LAUREL COUNTY, Ky. —
While Dr. Ronald S. Dubin did not see the two explosions that stopped the Boston Marathon on Monday, he and thousands of others running in the world-famous race quickly noticed something was seriously wrong.
In the two days since the bombings, after forensic experts have meticulously checked the crime scene for bomb scraps and blood stains for any possible DNA evidence tied to known terrorists, federal investigators said they are close to identifying the individual who planted explosives at the finish line of the Boston Marathon, killing three people and injuring more than 130 others.
The twin explosions occurred more than four hours after the start of the 117th Boston Marathon, and after more than half of the 23,000 runners had completed the race. Police said the explosions happened 12 seconds apart at 2:50 p.m.
The bombs, hidden inside black duffel bags, contained metal pellets, including nails and ball bearings, packed into 6-liter pressure cookers with timers, investigators reported.
The bomb blasts killed three spectators: an 8-year-old boy who attended the race with his family; a 29-year-old woman who was waiting to take a picture of her best friend’s boyfriend crossing the finish line, and a Boston University graduate student.
The marathon is regarded as the world’s oldest and most prestigious running race. The high profile, international event drew more than 27,000 runners to Boston this year.
Dubin, of Harrogate, Tenn., who has an office at Kentucky Orthopedic Care in Corbin and one in Middlesboro; and Dr. Michael Simons, of London, a gastroenterologist at Baptist Health Corbin hospital, were in Boston for the marathon.
Neither man was injured in the two blasts, which occurred about 10 seconds and about 100 yards apart.
Office manager Karen Reese received a text message from Dubin Monday afternoon, saying he was in the latter group of runners and was in a Boston suburb, away from the site of the explosions.
Chris Jones, of the Tri-County Falls Road Runners, confirmed Monday evening that Simons finished the race earlier, and was out of the finish area before the explosions began.
In a phone interview from the Boston suburb of Newton, Mass. (where the 26.2-mile race runs through, with part of the section in Newton known as “Heartbreak Hill”), Dubin said all was well when their feet first hit the pavement.
“It was going real good, and I was in Newton, on Newton Hill. Then we saw police vehicles with their lights flashing, going real fast. Then I saw buses carrying military personnel. I talked to a fellow runner next to me, and I asked him, ‘Why are they going that fast? They’re going 60 miles per hour, and there are runners in the street?”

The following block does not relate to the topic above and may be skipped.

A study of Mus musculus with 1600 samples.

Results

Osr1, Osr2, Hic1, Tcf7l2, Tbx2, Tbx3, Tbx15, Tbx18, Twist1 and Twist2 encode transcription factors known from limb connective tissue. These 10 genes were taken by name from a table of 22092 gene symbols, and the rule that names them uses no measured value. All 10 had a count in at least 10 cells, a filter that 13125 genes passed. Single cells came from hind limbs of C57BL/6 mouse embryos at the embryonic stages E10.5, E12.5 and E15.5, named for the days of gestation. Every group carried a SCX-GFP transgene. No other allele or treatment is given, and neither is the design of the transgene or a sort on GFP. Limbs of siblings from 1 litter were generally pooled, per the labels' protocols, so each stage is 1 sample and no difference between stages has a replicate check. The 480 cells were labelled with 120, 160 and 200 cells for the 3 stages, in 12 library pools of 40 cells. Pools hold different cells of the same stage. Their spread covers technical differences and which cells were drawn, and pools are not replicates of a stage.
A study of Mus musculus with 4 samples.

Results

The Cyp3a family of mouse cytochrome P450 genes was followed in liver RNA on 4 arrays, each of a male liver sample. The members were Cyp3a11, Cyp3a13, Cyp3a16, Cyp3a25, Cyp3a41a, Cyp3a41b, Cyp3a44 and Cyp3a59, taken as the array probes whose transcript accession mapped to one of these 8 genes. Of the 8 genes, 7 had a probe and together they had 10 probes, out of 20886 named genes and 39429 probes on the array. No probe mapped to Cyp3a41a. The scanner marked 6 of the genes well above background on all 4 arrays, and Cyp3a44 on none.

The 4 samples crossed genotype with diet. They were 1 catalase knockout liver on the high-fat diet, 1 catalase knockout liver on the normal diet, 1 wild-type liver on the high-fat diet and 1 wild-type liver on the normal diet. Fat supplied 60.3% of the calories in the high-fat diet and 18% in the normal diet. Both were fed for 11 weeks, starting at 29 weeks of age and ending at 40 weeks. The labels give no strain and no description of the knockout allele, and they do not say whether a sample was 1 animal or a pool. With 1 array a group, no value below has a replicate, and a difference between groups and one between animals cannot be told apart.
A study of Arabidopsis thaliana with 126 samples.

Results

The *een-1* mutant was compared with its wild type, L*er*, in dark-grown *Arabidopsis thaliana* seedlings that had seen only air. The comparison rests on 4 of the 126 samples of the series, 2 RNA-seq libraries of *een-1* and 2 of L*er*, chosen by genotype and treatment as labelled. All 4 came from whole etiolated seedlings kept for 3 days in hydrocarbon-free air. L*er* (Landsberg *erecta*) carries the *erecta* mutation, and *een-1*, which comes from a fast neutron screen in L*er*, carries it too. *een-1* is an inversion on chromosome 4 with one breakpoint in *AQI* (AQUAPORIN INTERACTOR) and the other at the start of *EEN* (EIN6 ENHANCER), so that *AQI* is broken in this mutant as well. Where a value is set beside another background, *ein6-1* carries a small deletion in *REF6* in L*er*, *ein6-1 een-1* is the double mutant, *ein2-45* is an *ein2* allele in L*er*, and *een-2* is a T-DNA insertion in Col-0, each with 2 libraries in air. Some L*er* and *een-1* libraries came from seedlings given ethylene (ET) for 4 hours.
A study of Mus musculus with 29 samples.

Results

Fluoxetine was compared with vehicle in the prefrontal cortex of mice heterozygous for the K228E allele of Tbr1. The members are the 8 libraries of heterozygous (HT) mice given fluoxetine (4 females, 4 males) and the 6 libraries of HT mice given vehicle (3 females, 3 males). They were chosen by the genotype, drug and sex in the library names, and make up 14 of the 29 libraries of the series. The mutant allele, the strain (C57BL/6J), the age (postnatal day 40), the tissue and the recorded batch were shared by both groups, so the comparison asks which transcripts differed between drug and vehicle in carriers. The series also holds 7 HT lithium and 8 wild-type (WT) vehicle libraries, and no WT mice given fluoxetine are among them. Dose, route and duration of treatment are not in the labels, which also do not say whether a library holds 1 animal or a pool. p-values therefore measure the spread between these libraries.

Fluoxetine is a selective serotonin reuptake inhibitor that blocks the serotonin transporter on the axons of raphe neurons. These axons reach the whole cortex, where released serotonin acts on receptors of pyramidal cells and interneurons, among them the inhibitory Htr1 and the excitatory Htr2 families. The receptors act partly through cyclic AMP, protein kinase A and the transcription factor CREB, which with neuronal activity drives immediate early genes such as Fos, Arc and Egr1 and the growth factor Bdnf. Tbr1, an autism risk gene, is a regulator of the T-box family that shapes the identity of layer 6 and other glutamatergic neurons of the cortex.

Then, Dubin and other racers started getting text messages and phone calls on their cell phones.
A lot of them.
“My people from Kentucky and Michigan were calling me, and then my brother called, saying, ‘Are you aware of what’s going on over there in Boston?’ I first said, ‘Aw, come on, it’s not really happening,’ and he said, ‘No, I think it’s terrorism,’ Then I got other calls about the explosion, and I said to myself, ‘This is for real. This is a marathon. This doesn’t happen,’” he stated.
Dubin texted his office in Corbin around 2:40 p.m., letting Reese know he was OK.
As of that point on the hill in Newton, Dubin knew the race was cancelled.
Around 4:30 p.m. he and the runners remaining with him were signaled by a resident of the area.
“About five minutes after we heard the race was called off, a lady on the race route brought us into her house for us to rest and learn more about the explosions. My hotel, the Colonnade Hotel on Huntington Avenue, was about two blocks away from the explosion site,” Dubin said.
In a phone interview Monday evening, Jones said he learned Simons was safe by a runner in the marathon who is a friend of the doctor’s.
“I sent Dr. Simons a text to see if he’s OK, but I didn’t hear from him earlier. But his friend in Boston sent one. He asked us to let everyone in the club know Dr. Simons was safe and not in harm’s way. We have since posted that on our Facebook page,” Jones noted.
“While we’re glad that our two hometown runners are OK, we’re distraught over those runners and their families who were affected. It’s a sad day for the running community,” he said.
CNHI News Service contributed to this story.